Research which tests the stress levels of seabirds from their feathers can help chart the effects of climate change on threatened populations
A single seabird feather, like a strand of hair, hides myriad secrets.
It can tell us about the challenges and hardships a seabird has faced for a whole year, and it can tell us how climate change is affecting the environment. Like forensic work, feathers can be evidence that the ocean was abnormally hot that year or predict that a seabird population is in trouble.
Climate change significantly impacts the ocean and, consequently, food availability for seabirds and their chicks. These mighty flyers can travel incredible distances from land to find food. They can glide above the water for tens to thousands of kilometres, looking to spot squid, crustaceans, and sometimes fish, ready to dive for the hunt. But warmer waters are not ideal for their prey, and challenges in finding quality meals can cause them a great deal of stress.
It might sound strange but studying the stress response of seabirds easily compares to our own stress response as humans. Imagine that everyday shopping for food is uncertain, with regular items on your list either unavailable or in poor shape. You then seek an alternative supermarket further away, spending more fuel and time going to buy food every week.
Eventually, shortages in food supply will become widespread if the crisis continues. We know from research that when you are chronically stressed, you might notice you are catching more colds than usual or getting sick more often. In the long term, it can cause all sorts of health problems and limitations. In seabirds, a very stressed population may become unhealthy and struggle to raise their young.
But what happens when a whole generation of people grow up in an environment where scarcity is the norm? It’s likely we would see adults in poor physical condition as soon as a decade in. They would be physically weak and far from reaching their cognitive potential.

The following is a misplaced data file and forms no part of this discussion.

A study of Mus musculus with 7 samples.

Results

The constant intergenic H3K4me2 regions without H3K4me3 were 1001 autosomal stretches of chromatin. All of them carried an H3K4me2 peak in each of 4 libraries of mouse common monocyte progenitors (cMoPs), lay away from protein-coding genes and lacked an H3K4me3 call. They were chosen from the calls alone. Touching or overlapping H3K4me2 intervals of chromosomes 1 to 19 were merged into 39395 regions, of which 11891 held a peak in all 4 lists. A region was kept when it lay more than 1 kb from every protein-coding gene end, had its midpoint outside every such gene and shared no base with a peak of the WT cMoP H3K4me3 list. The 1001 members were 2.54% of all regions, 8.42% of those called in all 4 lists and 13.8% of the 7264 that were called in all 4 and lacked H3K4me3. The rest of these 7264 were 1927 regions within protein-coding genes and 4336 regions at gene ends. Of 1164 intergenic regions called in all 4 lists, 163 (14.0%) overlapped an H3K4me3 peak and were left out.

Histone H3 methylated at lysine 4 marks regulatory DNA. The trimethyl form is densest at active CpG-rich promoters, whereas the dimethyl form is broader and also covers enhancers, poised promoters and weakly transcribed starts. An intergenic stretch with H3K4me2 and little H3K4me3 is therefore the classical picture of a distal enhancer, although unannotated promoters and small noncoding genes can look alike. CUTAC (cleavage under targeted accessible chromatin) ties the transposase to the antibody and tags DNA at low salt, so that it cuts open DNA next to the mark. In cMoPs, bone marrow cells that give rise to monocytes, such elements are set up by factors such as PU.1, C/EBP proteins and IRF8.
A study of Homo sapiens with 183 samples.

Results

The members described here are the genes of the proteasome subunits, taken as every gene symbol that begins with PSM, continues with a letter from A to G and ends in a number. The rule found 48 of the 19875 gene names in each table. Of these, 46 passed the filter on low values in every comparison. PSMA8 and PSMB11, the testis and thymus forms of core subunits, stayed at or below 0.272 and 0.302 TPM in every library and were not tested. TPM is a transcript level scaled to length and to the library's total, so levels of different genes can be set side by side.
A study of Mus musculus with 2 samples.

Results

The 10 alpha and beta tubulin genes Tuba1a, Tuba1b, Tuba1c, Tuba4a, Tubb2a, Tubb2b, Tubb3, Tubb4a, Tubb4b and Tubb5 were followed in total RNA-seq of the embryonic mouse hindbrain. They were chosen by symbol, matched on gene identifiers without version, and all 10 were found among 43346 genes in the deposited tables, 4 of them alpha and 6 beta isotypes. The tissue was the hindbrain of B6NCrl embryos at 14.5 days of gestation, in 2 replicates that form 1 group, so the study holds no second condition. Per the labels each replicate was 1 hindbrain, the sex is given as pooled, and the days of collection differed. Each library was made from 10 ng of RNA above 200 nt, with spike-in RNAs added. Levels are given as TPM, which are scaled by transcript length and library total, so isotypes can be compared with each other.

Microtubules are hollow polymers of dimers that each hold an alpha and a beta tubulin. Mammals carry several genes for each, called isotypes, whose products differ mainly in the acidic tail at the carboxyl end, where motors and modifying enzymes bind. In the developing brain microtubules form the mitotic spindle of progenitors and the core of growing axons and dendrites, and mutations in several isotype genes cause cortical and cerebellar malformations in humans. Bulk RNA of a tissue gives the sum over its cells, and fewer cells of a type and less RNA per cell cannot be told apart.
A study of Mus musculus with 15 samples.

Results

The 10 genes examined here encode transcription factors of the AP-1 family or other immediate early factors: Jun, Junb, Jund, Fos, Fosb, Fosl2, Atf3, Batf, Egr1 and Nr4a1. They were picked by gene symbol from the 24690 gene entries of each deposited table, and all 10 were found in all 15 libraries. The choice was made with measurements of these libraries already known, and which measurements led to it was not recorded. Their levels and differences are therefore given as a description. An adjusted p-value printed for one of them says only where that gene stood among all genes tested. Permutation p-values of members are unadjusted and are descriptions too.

This is how climate change directly affects seabirds. Stressed animals are more likely to raise malnourished chicks who then become poor adults and mature into inefficient breeders. A population of birds that struggle to breed will likely suffer population declines in the future.
In Auckland, the seabird capital of the world, losing seabird populations is a serious issue. The highest biodiversity of these birds in the world occurs right here, in our own Auckland backyard. They play a vital ecological role as what scientists call ’ecosystems engineers’.
Seabirds bring nutrients deposited in their faeces, eggs, and feathers ashore. Their burrowing habits turn the soil and help incorporate marine-sourced nutrients into our coast. Islands and entire coastal forests depend on their presence to thrive, and they can be critical to the restoration of degraded terrestrial ecosystems. Yet, most seabird species are endangered and quickly declining. We need to act fast to get these birds – and our coast – out of trouble.
This is where the seabird feathers come in.
Stress hormones are deposited in the birds’ developing feathers as they grow up. Just like humans, seabirds increase the production of stress hormones when their environment is challenging. Variation in hormone levels can reveal changes in the environment and can become early signals of a population trouble.
As we can easily collect seabird feathers and measure the level of stress hormones in laboratories, we can use that information to make crucial decisions before the impacts of climate change become apparent to us when it’s too late.
To make the most of this new tool, we need to test it thoroughly.
In our research on seabird feathers, and specifically the feathers of grey-faced petrels I study at the University of Auckland, our aim is to quantify the pattern of stress hormone deposits in the birds’ feathers. We then compare what we find to the birds’ overall population stability and what we have already measured as effects of climate change.
The feathers and their findings help us complete a big puzzle in the world of seabird ecophysiology, while also having promising potential for how we might use this new information to monitor the effects of climate change on our oceans and biodiversity. With environmental impacts quickly developing and seabird populations reaching critical levels, monitoring ocean health is urgent, but incredibly difficult and expensive.
Low-cost, non-invasive tools such as stress signs in feathers can reveal the state of our environment, and how that may affect our lives. My research helps validate this new monitoring technology, so it can be used with precision and confidence. It engages some of New Zealand’s most underestimated birds as a promising solution to complex problems.
Innovative applied science can help us protect our taonga species, their habitats and all of the critically important it plays roles in nature. A humble seabird feather might hold the secret to a better and healthier Auckland for us all.
*I use feathers of stressed grey-faced petrels, a seabird native to Aotearoa New Zealand.